Authors: Brady Woods*, University of Maryland - College Park, Kathleen Stewart, University of Maryland - College Park
Topics: Geographic Information Science and Systems, Hazards, Risks, and Disasters, Spatial Analysis & Modeling
Keywords: Footprint, Delaunay Triangulation, Hazard, Region Approximation, Crowd-Source
Session Type: Paper
Start / End Time: 8:00 AM / 9:40 AM
Room: Washington 6, Marriott, Exhibition Level
Presentation File: No File Uploaded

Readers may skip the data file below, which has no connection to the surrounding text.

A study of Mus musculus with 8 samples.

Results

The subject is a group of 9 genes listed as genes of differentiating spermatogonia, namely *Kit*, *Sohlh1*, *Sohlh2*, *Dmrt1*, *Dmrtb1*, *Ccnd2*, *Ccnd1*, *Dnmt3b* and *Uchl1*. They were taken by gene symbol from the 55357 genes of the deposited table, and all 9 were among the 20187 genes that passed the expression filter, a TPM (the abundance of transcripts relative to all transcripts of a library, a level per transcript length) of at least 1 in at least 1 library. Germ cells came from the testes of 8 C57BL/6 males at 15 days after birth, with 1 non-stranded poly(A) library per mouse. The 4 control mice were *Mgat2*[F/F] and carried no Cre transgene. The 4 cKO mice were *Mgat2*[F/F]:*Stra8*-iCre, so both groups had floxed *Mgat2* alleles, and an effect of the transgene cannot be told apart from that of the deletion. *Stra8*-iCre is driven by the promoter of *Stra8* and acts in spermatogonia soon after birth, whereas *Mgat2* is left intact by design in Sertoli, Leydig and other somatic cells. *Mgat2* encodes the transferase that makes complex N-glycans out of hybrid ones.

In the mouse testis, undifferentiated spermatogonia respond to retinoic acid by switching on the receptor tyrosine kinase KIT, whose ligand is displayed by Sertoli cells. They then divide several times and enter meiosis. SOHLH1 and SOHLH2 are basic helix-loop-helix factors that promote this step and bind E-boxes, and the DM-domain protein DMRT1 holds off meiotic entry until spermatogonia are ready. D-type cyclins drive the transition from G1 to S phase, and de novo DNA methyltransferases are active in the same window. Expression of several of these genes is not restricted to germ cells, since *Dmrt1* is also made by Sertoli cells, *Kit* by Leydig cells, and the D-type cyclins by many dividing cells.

When evaluating point-based phenomenon, it can be useful examine the points at a coarser level of granularity than the points themselves. This process is known as ‘region approximation’ and seeks to delineate the region(s) occupied by a set of points. The resulting regions are commonly known as the ‘footprint’ of the point data set. These footprints can be used, for example, to evaluate the impact of a natural disaster represented by points beyond the scope of the points themselves. In late August of 2017, Hurricane Harvey brought devastating flooding to the Houston, Texas metropolitan region, overwhelming first-responders and the local emergency management system. In response, volunteers from the HarveyRELIEF organization used social media to crowd-source the locations of those trapped by floodwater and coordinate their rescue with informal rescue efforts such as the ‘Cajun Navy’. We evaluate approximately 4,000 geo-located rescue requests collected from the HarveyRELIEF organization between August 26, 2017 and September 3, 2017 as a sample of the impact Hurricane Harvey had on the Houston metropolitan region. We use a region approximation algorithm based on Delaunay triangulation to semi-automatically generate the footprint of the rescue data set. These footprints are then validated using FEMA damage assessments created after the disaster.